The vocational education and training (VET) sector helps individuals develop skills and knowledge across a broad range of industries. These skills prepare graduates for employment or further education.
Victorians may study VET through technical and further education (TAFE) institutes and universities, or through other government and non-government providers, such as secondary schools, community organisations and industry skills centres. There are 12 publicly owned TAFEs across Victoria, and four dual‑sector universities that deliver VET.
The Education and Training Reform Act 2006 states that TAFEs must provide efficient and effective training programs that meet the needs of their local communities. Dual‑sector universities have a similar mandate and deliver significant amounts of both VET and higher education. In contrast, TAFEs deliver mostly VET. For this audit, 'TAFE' refers to both standalone TAFEs and dual‑sector universities.
Following years of significant policy and regulatory change, the Victorian Government has prioritised the development of a strong and stable VET sector that protects students' rights and interests. It aims to achieve this through Skills First, a government-subsidised training program that targets industry needs while maximising students' employment prospects.
The Department of Education and Training (the department) engages providers, such as TAFEs, to deliver the Skills First program using the VET funding contract (the contract). Due to past occurrences of corrupt conduct, the contract has strengthened requirements regarding the enrolment process. These requirements aim to prevent fraud by determining how TAFEs assess prospective students' eligibility and suitability for government‑subsidised training.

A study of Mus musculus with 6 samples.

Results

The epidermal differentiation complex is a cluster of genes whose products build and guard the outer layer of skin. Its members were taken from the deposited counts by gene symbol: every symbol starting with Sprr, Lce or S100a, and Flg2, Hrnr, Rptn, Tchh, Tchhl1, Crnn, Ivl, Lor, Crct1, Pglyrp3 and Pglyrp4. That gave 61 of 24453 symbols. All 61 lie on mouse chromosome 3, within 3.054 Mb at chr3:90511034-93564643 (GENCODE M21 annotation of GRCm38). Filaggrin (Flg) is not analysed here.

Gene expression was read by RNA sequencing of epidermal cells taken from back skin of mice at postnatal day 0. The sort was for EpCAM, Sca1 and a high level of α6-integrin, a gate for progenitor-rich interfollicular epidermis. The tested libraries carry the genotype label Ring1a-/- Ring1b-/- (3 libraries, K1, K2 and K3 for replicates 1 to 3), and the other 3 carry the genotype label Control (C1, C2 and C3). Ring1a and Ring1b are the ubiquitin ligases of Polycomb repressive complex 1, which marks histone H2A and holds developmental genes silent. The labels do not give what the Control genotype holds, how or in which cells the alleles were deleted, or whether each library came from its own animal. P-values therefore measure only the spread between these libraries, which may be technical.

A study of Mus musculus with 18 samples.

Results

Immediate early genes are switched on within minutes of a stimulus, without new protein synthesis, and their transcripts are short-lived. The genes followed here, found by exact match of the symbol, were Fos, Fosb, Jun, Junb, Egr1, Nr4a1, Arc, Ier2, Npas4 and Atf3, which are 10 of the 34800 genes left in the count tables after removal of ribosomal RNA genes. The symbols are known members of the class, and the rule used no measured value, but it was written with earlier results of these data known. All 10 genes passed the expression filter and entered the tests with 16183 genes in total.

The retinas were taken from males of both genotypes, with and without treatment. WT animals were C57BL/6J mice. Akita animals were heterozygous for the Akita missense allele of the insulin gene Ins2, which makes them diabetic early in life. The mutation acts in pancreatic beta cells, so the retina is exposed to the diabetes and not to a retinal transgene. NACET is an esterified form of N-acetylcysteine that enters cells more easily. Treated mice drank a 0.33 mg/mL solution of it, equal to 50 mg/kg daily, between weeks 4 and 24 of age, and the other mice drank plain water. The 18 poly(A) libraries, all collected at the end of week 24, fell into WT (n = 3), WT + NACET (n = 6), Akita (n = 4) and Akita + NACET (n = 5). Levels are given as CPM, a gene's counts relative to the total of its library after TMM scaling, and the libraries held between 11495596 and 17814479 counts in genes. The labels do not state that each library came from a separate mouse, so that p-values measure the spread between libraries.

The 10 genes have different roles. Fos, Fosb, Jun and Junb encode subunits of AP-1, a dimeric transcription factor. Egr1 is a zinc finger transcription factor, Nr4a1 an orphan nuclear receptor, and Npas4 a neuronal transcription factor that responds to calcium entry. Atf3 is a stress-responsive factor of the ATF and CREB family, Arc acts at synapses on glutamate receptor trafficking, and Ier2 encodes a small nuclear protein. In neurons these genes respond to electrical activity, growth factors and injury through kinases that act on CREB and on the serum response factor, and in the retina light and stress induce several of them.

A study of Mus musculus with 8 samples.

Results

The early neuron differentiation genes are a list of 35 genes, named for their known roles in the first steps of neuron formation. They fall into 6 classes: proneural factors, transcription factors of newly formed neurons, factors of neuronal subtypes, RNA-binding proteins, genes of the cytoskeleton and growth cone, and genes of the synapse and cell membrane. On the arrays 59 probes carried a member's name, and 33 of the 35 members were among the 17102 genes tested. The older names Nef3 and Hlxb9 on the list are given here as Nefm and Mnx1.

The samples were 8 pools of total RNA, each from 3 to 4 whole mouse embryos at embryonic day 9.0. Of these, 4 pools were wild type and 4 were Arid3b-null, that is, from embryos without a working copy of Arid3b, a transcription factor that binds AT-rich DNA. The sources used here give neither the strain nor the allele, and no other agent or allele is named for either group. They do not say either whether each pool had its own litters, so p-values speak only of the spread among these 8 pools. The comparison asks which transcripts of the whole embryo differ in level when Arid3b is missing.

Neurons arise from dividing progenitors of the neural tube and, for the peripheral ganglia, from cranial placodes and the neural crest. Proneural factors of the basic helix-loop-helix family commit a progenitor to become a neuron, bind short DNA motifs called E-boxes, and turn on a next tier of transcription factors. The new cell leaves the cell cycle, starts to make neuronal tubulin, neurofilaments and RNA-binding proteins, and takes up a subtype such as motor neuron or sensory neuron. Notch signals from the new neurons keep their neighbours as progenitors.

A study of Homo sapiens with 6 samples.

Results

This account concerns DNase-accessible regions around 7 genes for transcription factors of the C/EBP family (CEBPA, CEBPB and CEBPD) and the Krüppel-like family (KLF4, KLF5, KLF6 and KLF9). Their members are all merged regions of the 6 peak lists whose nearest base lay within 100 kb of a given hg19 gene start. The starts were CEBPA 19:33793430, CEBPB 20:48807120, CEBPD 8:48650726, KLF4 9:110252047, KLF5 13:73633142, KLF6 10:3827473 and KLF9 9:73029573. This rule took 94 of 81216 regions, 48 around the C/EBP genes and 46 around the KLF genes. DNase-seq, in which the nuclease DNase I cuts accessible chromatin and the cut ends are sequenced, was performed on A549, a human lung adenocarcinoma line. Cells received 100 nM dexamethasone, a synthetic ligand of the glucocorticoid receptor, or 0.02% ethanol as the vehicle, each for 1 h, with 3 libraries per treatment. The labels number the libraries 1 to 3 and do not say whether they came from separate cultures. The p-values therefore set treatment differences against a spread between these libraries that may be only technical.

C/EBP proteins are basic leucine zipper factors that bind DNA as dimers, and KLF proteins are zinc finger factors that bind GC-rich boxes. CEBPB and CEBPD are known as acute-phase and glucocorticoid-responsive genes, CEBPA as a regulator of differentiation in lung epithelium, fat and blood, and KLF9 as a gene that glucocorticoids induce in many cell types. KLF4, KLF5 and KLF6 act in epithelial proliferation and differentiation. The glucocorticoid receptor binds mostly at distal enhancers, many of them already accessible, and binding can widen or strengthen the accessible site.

In this audit, we examined the efficiency of enrolment processes for Skills First training at five institutions:
- Box Hill Institute (Box Hill)
- Melbourne Polytechnic
- Sunraysia Institute of TAFE (SuniTAFE)
- Swinburne University of Technology (Swinburne)
- William Angliss Institute of TAFE (William Angliss).
In Victoria, prospective TAFE students do not consistently experience an efficient enrolment process for government-subsidised training.
Depending on the institution they seek to enrol with, some will engage with an online enrolment process with the flexibility and support needed to complete key steps based on individual needs. More commonly, individuals will experience a rigid enrolment process that relies on manual processing and in‑person visits. Manual processing is inefficient for TAFEs and increases their costs. It also hinders their ability to track people through the enrolment process and use that information to improve their efficiency and effectiveness. And while in-person visits may benefit some prospective students, they inconvenience others.
The open-ended requirements in the department's contract with TAFEs for considering a prospective student's literacy and numeracy skills add to inconsistency and inefficiency in TAFEs' enrolment practices. By prioritising compliance in this area, most TAFEs impose onerous testing requirements that disregard an individual's educational background. If the department clarifies when and how testing should occur, TAFEs could implement more streamlined methods that maintain compliance.
Despite these inefficiencies, a significant proportion of prospective students find it easy to enrol at the five audited TAFEs. These TAFEs are working to improve their enrolment systems and move more processes online, but this work is uncoordinated. Greater sector-wide efficiency can be gained if the department leads and works with TAFEs to develop a shared solution, rather than TAFEs duplicating effort using their own limited resources.